What are two examples of alliteration in "The Necklace"?
First, I want to make sure that there is a clear understanding of what alliteration is, and how to identify it within a work of literature. At the most basic level, alliteration is the use of two or more of the same letter or sounds, that occur subsequently and often consecutively within a sentence. It is important to remember that alliteration is concerned with consonant sounds; the repetition of vowel sounds is another literary term.
With that in mind, the specific examples of alliteration within The Necklace can be found below.
All those things, of which another woman of her rank would never even have been conscious, tortured her and made her angry.
In the above example, the repetition of the W in which, woman, and would, exemplifies alliteration. The repetition here is used to emphasize her feeling of inadequacy and anger about her relative social standing.
When she sat down to dinner, before the round table covered with a table- cloth three days old, opposite her husband, who uncovered the soup- tureen and declared with an enchanted air, "Ah, the good pot-au-feu! I don't know anything better than that," she thought of dainty dinners, of shining silverware, of tapestry which peopled the walls with ancient personages and with strange birds flying in the midst of fairy forest; and she thought of delicious dishes served on marvellous plates, and of the whispered gallantries which you listen to with a sphinx-like smile, while you are eating the pink flesh of trout or the wings of a quail.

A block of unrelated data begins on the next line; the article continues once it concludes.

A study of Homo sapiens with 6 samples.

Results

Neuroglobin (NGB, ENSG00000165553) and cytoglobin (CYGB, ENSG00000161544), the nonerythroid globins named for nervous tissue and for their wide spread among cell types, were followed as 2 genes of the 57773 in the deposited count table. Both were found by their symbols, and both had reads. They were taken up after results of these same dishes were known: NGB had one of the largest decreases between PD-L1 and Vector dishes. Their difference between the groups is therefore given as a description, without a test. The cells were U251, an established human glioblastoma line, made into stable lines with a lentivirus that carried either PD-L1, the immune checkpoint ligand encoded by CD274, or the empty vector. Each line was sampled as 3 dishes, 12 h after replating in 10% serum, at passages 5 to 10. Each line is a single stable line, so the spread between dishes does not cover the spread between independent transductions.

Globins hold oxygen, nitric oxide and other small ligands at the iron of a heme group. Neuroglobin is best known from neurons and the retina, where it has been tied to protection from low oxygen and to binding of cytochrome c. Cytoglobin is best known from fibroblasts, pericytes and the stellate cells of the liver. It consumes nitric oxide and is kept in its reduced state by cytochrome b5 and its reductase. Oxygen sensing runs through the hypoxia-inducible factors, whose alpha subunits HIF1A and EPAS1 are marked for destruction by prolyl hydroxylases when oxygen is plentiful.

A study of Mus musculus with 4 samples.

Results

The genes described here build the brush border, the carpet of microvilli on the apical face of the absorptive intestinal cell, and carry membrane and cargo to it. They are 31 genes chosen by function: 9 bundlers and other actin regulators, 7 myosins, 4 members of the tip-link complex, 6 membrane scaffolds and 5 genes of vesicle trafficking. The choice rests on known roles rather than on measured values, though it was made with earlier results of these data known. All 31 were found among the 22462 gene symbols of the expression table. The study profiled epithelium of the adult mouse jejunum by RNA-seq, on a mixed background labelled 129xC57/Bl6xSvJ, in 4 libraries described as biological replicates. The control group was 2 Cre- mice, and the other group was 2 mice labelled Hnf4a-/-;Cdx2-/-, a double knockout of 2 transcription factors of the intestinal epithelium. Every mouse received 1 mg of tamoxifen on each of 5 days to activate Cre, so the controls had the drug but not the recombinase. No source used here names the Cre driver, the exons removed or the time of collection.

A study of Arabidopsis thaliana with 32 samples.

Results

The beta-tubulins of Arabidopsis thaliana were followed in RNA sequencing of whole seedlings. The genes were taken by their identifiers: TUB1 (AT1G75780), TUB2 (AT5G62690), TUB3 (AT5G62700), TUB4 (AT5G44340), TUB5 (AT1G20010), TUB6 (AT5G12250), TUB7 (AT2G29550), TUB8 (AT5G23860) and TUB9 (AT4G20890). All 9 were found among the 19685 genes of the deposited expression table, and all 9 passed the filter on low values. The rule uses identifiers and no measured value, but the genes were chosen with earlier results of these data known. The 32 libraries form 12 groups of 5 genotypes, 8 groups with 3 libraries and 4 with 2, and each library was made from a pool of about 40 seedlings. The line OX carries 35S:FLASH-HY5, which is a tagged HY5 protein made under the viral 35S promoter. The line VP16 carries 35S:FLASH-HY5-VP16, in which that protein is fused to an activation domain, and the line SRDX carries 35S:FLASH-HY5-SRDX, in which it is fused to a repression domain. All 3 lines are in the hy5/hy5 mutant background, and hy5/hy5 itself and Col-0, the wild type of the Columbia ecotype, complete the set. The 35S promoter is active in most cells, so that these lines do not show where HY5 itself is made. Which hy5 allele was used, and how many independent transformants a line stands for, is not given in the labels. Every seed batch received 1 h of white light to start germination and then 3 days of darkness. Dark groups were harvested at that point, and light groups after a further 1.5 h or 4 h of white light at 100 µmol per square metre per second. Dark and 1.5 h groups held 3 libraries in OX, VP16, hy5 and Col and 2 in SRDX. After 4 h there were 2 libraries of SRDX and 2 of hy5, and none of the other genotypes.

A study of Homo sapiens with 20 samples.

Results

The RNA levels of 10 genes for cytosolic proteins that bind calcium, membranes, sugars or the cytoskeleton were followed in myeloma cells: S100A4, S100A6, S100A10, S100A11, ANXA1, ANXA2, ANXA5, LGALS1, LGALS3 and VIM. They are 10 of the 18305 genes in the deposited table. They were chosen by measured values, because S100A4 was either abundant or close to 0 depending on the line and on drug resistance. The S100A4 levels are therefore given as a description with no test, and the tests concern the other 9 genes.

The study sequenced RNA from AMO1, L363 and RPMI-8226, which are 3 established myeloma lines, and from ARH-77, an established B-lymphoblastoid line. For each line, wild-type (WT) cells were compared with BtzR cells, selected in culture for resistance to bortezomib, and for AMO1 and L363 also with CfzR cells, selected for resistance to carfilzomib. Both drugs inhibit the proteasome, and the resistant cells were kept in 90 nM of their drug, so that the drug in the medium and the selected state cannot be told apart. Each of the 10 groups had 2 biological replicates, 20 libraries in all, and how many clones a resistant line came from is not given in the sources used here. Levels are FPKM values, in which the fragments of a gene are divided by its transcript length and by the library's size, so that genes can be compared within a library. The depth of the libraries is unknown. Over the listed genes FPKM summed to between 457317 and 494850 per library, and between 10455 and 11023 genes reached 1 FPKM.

While long, the above example showcases alliteration in a few different places. Initially, alliteration can be found with the repetition of the letter D in the line about dainty dishes, and the letter S, in shining silverware. Alliteration is again found in the line about fairy forest, and delicious dishes, with the F and D repeating respectively. These examples of alliteration are painting a fanciful picture, which models the picture in our main character's head.